Stacey Abrams Wins Big in Georgia and Now Has a Shot at Becoming 1st African-American Female Governor in US History

Democratic candidate for Georgia governor Stacey Abrams speaks during an election night watch party May 22, 2018, in Atlanta.
Photo: John Bazemore (AP Images)

While the polls in Georgia officially closed at 7 p.m., the window of opportunity for Stacey Abrams, the first black woman to win a gubernatorial nomination for any major party in Georgia, opened up.

With only 34 percent of the vote in, everybody from the Atlanta Journal-Constitution to CNN to Stevie Wonder could see that Stacey Abrams’ 75-25 percent lead over Stacey Evans wouldn’t disappear with just a few more counties left to check in. By the time 53 percent of the vote was in, it was evident that something special was happening: Abrams was still leading 75-25 percent and had more than 200,000 primary votes, 50,000 more than Casey Cagle, the sitting lieutenant governor and the front-runner in the Republican primary (see updated primary results here).

At the Atlanta Sheraton, as the crowd slowly dripped in, people were calling this race by 8:30 p.m., long before some precincts were done counting their final votes.


“I’m so proud to be a black woman in Georgia right now,” says Charisse Price, an Atlanta resident and national curriculum director for the New Leaders Council, who arrived at the Abrams victory party to celebrate. “This is a historic moment not only in black history but in American history.”

Abrams’ victory is not only cause for celebration among African Americans, women, young voters and progressives—she also managed to do something that Democrats in Georgia are incredibly desperate to do: get the attention of the national Democratic Party. Georgia, whose Democrat Party has suffered defeat after defeat despite fielding adequate candidates over the years, needed a win. More than that, Georgia needed a strong showing by Abrams in the Democratic primary in order to stay on the Democratic National Committee’s radar for the fall midterms, as well as remain a hot location for major donors from across the country.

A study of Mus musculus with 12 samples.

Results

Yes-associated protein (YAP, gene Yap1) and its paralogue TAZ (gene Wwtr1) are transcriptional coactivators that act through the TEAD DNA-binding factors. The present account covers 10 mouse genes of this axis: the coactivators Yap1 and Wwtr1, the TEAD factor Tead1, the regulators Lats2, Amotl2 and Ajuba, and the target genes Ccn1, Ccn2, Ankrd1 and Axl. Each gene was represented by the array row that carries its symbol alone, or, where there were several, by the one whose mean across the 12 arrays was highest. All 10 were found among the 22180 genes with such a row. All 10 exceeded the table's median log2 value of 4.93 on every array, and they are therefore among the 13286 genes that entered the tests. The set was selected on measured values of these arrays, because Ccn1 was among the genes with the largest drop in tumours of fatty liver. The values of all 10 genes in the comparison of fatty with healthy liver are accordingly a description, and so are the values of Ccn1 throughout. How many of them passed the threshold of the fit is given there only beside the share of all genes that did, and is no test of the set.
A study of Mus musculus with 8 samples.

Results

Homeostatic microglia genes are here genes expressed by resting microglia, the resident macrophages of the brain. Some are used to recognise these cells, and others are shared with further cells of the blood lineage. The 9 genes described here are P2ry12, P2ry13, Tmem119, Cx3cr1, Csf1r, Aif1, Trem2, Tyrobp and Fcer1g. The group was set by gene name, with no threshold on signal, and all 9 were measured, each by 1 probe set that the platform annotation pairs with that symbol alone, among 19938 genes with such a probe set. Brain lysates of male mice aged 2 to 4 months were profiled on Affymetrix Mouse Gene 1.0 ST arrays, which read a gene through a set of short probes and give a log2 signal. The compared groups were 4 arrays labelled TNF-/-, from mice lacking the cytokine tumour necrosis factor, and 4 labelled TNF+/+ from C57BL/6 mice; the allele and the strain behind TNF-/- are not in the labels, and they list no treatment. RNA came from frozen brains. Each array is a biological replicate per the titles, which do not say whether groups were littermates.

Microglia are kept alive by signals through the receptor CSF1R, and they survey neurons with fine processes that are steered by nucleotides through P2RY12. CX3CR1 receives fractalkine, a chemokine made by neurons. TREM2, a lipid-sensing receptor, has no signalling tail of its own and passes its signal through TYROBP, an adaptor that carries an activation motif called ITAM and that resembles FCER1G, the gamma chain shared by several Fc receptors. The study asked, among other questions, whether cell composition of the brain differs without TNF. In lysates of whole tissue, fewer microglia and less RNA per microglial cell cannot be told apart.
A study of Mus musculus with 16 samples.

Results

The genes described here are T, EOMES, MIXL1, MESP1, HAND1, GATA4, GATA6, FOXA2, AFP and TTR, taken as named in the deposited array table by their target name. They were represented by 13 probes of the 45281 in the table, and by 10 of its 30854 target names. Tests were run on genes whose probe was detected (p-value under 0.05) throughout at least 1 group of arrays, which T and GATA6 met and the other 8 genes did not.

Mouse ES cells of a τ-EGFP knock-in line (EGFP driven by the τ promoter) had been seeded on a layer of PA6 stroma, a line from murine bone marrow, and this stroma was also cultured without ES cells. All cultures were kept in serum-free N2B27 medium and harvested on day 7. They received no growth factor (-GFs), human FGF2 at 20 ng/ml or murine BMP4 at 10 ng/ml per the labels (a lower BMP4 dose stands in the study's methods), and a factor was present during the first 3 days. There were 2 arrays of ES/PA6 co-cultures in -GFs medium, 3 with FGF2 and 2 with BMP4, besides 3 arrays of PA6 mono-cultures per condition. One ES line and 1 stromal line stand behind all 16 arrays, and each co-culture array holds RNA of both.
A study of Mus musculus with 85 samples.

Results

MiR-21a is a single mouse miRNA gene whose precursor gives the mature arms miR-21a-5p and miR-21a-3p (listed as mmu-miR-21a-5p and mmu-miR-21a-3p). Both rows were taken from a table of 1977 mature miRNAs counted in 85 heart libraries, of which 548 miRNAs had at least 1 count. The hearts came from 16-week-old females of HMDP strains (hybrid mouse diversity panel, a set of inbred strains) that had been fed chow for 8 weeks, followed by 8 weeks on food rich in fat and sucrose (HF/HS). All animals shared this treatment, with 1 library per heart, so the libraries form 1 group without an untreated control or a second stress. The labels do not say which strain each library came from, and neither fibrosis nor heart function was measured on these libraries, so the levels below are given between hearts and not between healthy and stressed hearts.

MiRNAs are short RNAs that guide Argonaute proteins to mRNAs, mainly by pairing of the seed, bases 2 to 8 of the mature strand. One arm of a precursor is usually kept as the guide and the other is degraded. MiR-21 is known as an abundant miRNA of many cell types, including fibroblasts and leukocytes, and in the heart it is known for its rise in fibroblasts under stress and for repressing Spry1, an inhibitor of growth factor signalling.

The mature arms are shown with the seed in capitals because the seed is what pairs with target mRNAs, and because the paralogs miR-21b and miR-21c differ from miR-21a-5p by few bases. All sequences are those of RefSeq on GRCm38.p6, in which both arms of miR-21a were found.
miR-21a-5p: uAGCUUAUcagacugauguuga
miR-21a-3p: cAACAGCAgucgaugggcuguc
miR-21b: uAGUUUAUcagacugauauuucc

“We needed to show that we can turn out low-propensity voters,” said a local activist involved in voter turnout. “We targeted counties and precincts that usually had 2 or 3 percent African-American turnout, and we jumped it up to 10 or 12 percent. That’s good news, and donors need to hear our efforts are working.”

Abrams’ victory not only puts Georgia on the map but also heals an unnecessary and overblown wound in the Democratic Party, just in time for what might be a nation-changing midterm election. Abrams secured the support of Sen. Bernie Sanders’ Our Revolution and dozens of progressive and minority political organizations, while at the same time securing the endorsement of Hillary Clinton with an Election Day robocall encouraging people to vote.


So much for the Bernie-vs.-Hillary battle that was supposed to doom the party. So much for the belief that an African-American woman couldn’t be competitive in a red state. So much for the idea that a single black woman couldn’t win in the suburbs. So much for the idea that the entrenched black political elite in Atlanta that stood against Abrams actually speaks for the masses of black, white, Hispanic, Asian and young voters in Georgia.

And so much for the idea that the only way to victory for the Democratic Party is to chase after the same conservative white voters who have rejected Dems since the only Clinton in politics was Bill. Abrams’ victory speaks to a new, vibrant political and economic coalition that challenges the status quo in Democratic politics and America as a whole.


As Abrams’ supporters partied the night away on Peachtree Street, the work is only just beginning. There will a be tough race against either Lt. Gov. Cagle or Secretary of State Brian Kemp. However, that is a battle for another time and is still several months away. For now, it’s a night of reveling and victory, of broken narratives and new stories. Tonight is the night that black Stacey jumped from being a hidden figure to becoming a historic political role model.